By Kemoh Saidu Sesay
In a sobering revelation, Transparency International’s 2023 Corruption Perception Index (CPI) Report, which has spotlighted Sierra Leone’s ongoing struggle with corruption, reveals a landscape marked by persistent challenges.
Released on 30th January 2024, the report paints a painfully detailed picture of corruption’s deep-seated roots within the nation’s public sector.
Despite the snail pace of progress scored 34/100 in 2022 to 35/100 in 2023 and ranked 108/180 countries assessed, this staggering revelation suggests the nation’s battle with bribery, extortion, alarming embezzlement of public funds, political interference with the justice system, among others, continue to smash citizens’ hope of economic improvement against the rocks of entrenched greed and selfishness from a small canopy of corrupt elites.
One of the critical observations of the report is the prevalence of corruption across various levels of the public sector. Transparency International identifies instances where corrupt practices undermine trust in public institutions, creating an environment of scepticism among citizens.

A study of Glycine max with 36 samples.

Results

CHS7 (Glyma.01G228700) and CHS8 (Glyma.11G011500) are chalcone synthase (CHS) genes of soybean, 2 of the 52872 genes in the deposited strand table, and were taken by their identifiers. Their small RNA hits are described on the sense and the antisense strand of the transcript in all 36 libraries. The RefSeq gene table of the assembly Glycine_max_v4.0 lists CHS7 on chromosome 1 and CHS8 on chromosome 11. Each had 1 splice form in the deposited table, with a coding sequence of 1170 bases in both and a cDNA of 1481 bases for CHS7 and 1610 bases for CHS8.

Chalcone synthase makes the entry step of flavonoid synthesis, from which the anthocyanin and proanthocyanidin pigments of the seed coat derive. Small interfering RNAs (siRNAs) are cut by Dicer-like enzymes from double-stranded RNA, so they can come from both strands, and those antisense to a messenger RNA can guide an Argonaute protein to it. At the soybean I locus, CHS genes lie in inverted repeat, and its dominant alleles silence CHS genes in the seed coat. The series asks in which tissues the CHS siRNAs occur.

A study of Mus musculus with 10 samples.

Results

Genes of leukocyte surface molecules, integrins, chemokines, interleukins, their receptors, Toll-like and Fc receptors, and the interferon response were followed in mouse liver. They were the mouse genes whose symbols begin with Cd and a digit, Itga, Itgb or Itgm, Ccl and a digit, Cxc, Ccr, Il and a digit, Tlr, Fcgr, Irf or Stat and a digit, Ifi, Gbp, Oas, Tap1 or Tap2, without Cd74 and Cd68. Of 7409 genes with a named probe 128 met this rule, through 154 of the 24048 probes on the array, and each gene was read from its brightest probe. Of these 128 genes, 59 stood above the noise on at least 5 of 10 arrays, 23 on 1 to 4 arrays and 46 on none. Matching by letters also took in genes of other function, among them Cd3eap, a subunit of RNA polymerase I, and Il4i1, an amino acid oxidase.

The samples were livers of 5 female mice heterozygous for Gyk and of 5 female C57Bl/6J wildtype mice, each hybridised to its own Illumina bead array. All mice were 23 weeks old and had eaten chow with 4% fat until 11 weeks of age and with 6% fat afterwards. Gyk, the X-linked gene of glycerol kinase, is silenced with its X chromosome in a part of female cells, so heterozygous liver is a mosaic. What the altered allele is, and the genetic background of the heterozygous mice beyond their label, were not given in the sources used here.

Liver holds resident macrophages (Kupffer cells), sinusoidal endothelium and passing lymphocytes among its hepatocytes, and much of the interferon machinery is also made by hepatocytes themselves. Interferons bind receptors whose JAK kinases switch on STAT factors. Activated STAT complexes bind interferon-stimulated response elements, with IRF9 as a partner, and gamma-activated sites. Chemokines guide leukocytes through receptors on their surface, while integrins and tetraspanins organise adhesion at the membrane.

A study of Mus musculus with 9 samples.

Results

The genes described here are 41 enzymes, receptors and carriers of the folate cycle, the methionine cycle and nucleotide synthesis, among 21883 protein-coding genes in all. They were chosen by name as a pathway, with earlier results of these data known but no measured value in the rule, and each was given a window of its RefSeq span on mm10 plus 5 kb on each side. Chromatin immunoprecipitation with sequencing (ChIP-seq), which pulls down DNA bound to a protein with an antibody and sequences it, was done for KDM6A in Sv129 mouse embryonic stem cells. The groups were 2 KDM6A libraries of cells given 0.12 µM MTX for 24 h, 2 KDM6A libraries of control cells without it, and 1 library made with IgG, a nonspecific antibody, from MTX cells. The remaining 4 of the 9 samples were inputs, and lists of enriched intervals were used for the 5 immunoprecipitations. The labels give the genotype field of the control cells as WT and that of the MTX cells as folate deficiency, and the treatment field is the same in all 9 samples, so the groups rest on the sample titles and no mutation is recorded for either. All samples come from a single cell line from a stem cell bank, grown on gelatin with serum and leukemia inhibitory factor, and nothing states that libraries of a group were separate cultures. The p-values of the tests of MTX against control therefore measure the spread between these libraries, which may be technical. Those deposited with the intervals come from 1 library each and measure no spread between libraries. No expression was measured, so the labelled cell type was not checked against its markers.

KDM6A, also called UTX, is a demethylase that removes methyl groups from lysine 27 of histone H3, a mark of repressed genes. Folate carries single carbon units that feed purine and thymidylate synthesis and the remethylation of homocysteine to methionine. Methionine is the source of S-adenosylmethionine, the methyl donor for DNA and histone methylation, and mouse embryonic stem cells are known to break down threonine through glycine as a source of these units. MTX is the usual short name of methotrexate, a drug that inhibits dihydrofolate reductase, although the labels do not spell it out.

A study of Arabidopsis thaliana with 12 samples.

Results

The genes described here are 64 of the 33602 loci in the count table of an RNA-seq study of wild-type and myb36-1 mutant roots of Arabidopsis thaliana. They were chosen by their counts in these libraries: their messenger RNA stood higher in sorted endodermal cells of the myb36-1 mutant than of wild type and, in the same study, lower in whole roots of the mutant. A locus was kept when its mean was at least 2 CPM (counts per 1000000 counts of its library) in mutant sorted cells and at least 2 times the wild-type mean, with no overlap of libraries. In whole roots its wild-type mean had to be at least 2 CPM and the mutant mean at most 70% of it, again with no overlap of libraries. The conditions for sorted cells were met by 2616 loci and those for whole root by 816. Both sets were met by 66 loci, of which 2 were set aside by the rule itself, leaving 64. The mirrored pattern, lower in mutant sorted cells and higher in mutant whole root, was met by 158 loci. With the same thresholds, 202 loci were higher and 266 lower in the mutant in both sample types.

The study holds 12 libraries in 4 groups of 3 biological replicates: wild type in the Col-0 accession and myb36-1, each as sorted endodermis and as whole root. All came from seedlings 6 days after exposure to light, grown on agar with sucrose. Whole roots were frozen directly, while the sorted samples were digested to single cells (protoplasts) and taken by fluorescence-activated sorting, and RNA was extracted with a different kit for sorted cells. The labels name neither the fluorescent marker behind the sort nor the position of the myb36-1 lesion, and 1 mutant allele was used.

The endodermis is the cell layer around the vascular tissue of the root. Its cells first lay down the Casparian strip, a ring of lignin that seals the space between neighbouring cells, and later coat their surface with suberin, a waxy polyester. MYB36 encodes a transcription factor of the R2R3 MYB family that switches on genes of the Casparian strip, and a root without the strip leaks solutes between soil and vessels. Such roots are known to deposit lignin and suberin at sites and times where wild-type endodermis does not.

The report emphasises the necessity for enhanced transparency and accountability mechanisms. While the Anti-Corruption Commission (ACC) is alleged by most Sierra Leoneans for the selection of persons of interest for corruption allegations, the report underscores the need for robust institutions that can effectively oversee and prosecute instances of corruption without dangling sentimental prejudice.
Corruption’s impact on essential public services is a significant concern highlighted in the report. Sectors like healthcare, education, and infrastructure and the like, have excruciatingly suffered, as funds intended for public welfare are wickedly diverted for personal gains. This diversion exacerbates existing social inequalities and impedes the government’s ability to address endemic poverty and social reconstruction.
Transparency International’s report urges President Bio’s government to prioritise anti-corruption efforts, as he is expected to prioritise his catholic lifestyle; emphasising the critical role of political will in fostering effective governance. The report also calls for the empowerment of civil society, encouraging non-governmental organisations and the media to act as watchdogs in exposing and combating corrupt practices.
As Sierra Leone stands at a crossroads, the 2023 CPI Report serves as a call to action, urging a justice system that can punish corrupt people without fear or favour, with a collective commitment to building a more transparent and accountable future.
Ending on the note from the Chair of Transparency International, François Valérian, “Corruption will continue to thrive until justice systems can punish wrongdoing and keep governments in check. When justice is bought or politically interfered with, it is the people who suffer. Leaders should fully invest in and guarantee the independence of institutions that uphold the law and tackle corruption. It is time to end impunity for corruption.”